Friday, April 12, 2024

Hispanic Caucus calls on administration to investigate working conditions at meat processing facilities

Latino lawmakers are urging the Trump administration to investigate working conditions for meat processing workers and issue a temporary emergency safety standard, days after the president mandated that plants reopen.

President Trump issued an executive order Tuesday requiring plants to stay open or reopen amid concerns about food shortages during the current coronavirus crisis. But multiple meat processing facilities across the country have seen the virus ravage their workforces, and Latino members of Congress led by Rep. Joaquín Castro (D-Texas), the Congressional Hispanic Caucus chair, are concerned that some companies are heaping even more risk on workers already prone to high rates of illness.

“Numerous companies across the meatpacking industry have not taken the necessary precautions they need to protect workers,” the lawmakers wrote in a letter to the administration. “While some companies were early actors in providing personal protective equipment, the callous inaction of others has reportedly led to multiple deaths and thousands of sick workers, as well as the death of two inspectors from the Department of Agriculture.”

Latinos have been hit hard by the coronavirus, representing a high number of hospitalizations and deaths compared with their share of the overall population. A disproportionate number of meatpackers are people of color and immigrants — 44 percent are Latino and 25 percent are African American, according to an analysis by the Center for Economic and Policy Research.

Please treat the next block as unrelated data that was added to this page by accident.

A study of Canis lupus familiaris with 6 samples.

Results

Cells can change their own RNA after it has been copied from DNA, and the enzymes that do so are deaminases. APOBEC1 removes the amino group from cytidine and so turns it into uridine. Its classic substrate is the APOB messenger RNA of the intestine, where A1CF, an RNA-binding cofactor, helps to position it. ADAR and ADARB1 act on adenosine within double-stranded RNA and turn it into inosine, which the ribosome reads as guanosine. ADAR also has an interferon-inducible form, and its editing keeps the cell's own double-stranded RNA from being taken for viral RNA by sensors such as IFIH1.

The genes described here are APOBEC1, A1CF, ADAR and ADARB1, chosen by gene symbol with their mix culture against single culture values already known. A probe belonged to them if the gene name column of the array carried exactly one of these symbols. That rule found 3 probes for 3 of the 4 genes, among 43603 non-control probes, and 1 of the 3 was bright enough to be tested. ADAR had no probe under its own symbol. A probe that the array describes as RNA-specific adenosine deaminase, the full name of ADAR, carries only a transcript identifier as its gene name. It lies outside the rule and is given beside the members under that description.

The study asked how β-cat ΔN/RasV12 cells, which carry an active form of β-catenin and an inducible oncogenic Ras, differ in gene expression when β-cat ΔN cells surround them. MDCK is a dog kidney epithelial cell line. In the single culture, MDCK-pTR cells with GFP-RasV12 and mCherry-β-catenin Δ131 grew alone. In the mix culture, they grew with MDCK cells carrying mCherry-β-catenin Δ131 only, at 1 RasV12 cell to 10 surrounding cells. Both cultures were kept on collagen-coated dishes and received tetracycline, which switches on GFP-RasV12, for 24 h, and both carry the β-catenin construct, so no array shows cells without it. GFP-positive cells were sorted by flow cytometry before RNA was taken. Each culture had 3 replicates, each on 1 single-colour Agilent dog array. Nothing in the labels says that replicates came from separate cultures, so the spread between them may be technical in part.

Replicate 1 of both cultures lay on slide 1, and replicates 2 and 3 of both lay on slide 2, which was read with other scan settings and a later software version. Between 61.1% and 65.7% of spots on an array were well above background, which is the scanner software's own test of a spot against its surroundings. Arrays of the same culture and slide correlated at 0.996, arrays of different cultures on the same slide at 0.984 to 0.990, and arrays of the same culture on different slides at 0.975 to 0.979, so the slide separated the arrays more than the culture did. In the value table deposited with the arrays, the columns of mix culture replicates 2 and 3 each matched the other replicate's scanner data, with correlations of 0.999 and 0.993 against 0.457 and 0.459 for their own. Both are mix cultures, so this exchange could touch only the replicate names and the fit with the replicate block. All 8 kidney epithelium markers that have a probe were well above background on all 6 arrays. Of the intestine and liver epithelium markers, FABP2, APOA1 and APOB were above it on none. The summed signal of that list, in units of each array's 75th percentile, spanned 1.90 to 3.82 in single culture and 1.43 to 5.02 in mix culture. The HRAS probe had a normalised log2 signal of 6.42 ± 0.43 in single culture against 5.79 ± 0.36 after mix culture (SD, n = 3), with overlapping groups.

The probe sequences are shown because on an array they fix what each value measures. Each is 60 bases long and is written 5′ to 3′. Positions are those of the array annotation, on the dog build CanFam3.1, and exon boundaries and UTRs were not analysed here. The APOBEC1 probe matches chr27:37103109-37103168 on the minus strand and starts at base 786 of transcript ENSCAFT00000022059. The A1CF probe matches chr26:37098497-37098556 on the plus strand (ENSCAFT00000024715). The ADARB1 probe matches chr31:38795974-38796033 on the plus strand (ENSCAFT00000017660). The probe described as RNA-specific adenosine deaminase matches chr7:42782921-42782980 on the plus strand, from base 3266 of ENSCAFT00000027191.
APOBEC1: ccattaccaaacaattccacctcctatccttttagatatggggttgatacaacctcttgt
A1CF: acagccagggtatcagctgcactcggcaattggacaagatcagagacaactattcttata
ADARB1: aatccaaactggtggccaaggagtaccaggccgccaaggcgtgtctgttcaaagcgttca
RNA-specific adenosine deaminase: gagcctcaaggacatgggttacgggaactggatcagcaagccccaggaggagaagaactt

Last week, the Hispanic Caucus requested the House Education and Labor Committee open an investigation and hold a hearing on the working conditions for meat processing workers during the coronavirus pandemic. The League of United Latin American Citizens estimates 80 percent of the meat processing workforce is comprised of undocumented workers or refugees.

“The virus doesn’t ask for papers, the virus hits everybody and we need to protect them,” said LULAC president Domingo Garcia. “And by giving [workers] temporary protective status, which President Trump can do by executive order, [he can] ensure that the food continues to flow to our grocery stores.”